DAY 8 (Friday April 12th)
The next morning, Friday, the 12th, we re-loaded. Sir John came to see us off, and presented us with a quarter of mutton, a couple of fowls, and some butter. I had now before me this tremendous journey. I was told I deserved to be immortalised for the attempt, and that Govt. could not do too much for us for taking such a family to a settlement where none had ever gone before— I mean no family of free settlers, and very few others. Everything that could be done for us was done by the officers to make it as comfortable as possible. In addition to our luggage, we had to take corn for the cattle, as in the mountains there is not sufficient grass for them, and we also had provisions for ourselves and the nine men that accompanied us. In consequence of this we were obliged to leave many things behind. We now commenced with two drays, with five bullocks each ; one dray with four horses, and our own cart with two ; they had no more carts to give us. Amidst the good wishes of all, not excepting a party of natives who had come to bid us welcome, we commenced our journey. We had not proceeded more than a quarter of a mile before we came to a small stream of water, with a sandy bottom and banks; here the second dray with the bullocks sank. The storekeeper, superintendent, and overseer from Emu, witnessing our stoppage, came to our assistance; the two latter did not quit us until night. It employed us an hour to extricate the dray, and it was not accomplished without the horses of the other being added to it.
We now slowly proceeded about a quarter of a mile further and now, my dear, imagine me at the foot of a tremendous mountain, the difficulty of passing which is, I suppose, as great or greater than any known road in the world, not for the road being bad, as it has been made, and is hard all the way, but the difficulty lies in the extreme steepness of the ascent and descent, the hollow places, and the large rugged pieces of -rock. You will, perhaps, imagine, as I had done, that the mountains are perfectly barren. For forty miles they are barren of herbage for cattle, but as far as the eye can reach, even from the summit of the highest, every hill and dale is covered with wood, lofty trees, and small shrubs, many of them blooming with the most delicate flowers, the colours so beautiful that the highest circles in England would prize them. These mountains appear solid rocks, hardly any earth on the surface; this land seems as if it were never intended for human beings to inhabit. There are no roots or substitutes for bread ; no fruits or vegetables on which men could subsist, but almost everything will grow which is brought to it.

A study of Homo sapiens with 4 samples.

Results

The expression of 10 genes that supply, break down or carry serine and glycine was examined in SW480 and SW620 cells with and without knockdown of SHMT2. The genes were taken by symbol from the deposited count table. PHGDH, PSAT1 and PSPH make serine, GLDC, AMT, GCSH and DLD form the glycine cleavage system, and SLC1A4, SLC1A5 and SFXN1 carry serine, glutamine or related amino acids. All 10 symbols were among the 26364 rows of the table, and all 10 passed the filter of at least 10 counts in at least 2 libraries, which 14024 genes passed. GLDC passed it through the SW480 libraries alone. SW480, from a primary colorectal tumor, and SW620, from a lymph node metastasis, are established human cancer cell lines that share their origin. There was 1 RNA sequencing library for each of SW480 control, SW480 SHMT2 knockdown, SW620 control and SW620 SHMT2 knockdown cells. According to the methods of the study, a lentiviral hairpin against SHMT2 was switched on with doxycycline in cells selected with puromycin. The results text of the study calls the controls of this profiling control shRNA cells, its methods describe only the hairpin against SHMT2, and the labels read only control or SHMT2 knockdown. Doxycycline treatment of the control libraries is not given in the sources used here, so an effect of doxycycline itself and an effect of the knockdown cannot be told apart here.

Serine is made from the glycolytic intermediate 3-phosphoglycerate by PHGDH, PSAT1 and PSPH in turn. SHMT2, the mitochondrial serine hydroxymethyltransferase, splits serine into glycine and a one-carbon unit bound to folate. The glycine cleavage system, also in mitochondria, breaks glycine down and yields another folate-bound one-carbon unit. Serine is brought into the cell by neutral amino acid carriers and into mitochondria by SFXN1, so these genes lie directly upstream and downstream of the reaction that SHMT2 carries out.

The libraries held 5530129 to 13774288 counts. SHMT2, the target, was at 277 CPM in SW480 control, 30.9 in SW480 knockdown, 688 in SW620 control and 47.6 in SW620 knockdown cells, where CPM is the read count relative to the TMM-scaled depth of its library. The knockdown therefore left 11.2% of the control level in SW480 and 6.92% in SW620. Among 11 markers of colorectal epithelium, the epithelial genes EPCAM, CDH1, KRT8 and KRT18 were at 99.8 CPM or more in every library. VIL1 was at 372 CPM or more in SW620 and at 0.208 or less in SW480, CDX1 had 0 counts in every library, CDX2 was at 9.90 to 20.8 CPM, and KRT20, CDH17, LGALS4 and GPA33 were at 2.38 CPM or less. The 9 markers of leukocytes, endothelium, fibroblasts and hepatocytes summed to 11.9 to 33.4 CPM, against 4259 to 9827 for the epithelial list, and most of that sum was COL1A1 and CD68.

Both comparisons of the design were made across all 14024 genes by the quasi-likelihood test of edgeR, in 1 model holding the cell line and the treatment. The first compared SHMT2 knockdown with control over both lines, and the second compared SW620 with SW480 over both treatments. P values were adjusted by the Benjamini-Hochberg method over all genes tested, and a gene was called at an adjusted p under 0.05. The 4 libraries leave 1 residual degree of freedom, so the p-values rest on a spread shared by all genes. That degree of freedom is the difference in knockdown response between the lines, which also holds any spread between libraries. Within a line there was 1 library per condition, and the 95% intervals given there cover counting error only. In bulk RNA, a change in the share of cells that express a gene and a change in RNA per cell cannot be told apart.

We now began our ascent up the first Lapstone Hill, so called from all the stones being like a cobbler's lapstone. The horses got on very well, but the bullocks could not, so we were obliged to unload, have a cart from Emu and send back some of our luggage. Even then the horses were obliged, when they reached the top, to return and assist them. We only performed the distance of one mile and a half that day. Our tent was for the first time pitched. The fatigue to mother and myself was very great every night after the journey in preparing beds and giving the children their food. The little ones were generally tired and cross; little Edward in particular.
It was a lovely moonlight night, and all was novelty and delight to the elder children. Immense fires were made in all directions. We gave them their supper, and after putting the younger ones to bed, I came from the tent, in front of which was a large fire, our drays and carts close in view. The men—nine in number—were busily employed in cooking in one place, our own man roasting a couple of fowls for our next day's journey; at another the men (convicts), not the most prepossessing in their appearance, with the glare of the fires and the reflection of the moon shining on them, in the midst of a forest, formed altogether such a scene as I cannot describe. It resembled more a party of banditti, such as I have read of, than anything else. I turned from the view, took the arm of Hawkins, who was seated at the table with the storekeeper, and went to the back of the tent. Here we saw Tom and the three eldest girls trying who could make the best fire, as happy as it was possible for young hearts to be. Then I seemed to pause. It was a moment I shall never forget. For the first time for many a long month 1 seemed capable of enjoying and feeling the present moment without a dread for the future. 'Tis true we had in a manner bade adieu to the world, to our country and our friends, but in our country we could no longer provide for our children, and the world from that cause had lost all its charm. You, Bowling, and all my friends and acquaintances, I thought of with regret, but the dawn of independence was opening on us. Hawkins was again an officer under Government, a home to receive us, and the certainty under any circumstances of never wanting the common necessaries of life. You, my dear Ann, must have suffered in mind what we had long suffered, to form an idea of what we then felt. After a little while we returned to the table. These were moments of such inward rest that Hawkins took up a flute be-longing to one of the party, and, calling Eliza to us, she danced in a place where perhaps no one of her age had ever trod before.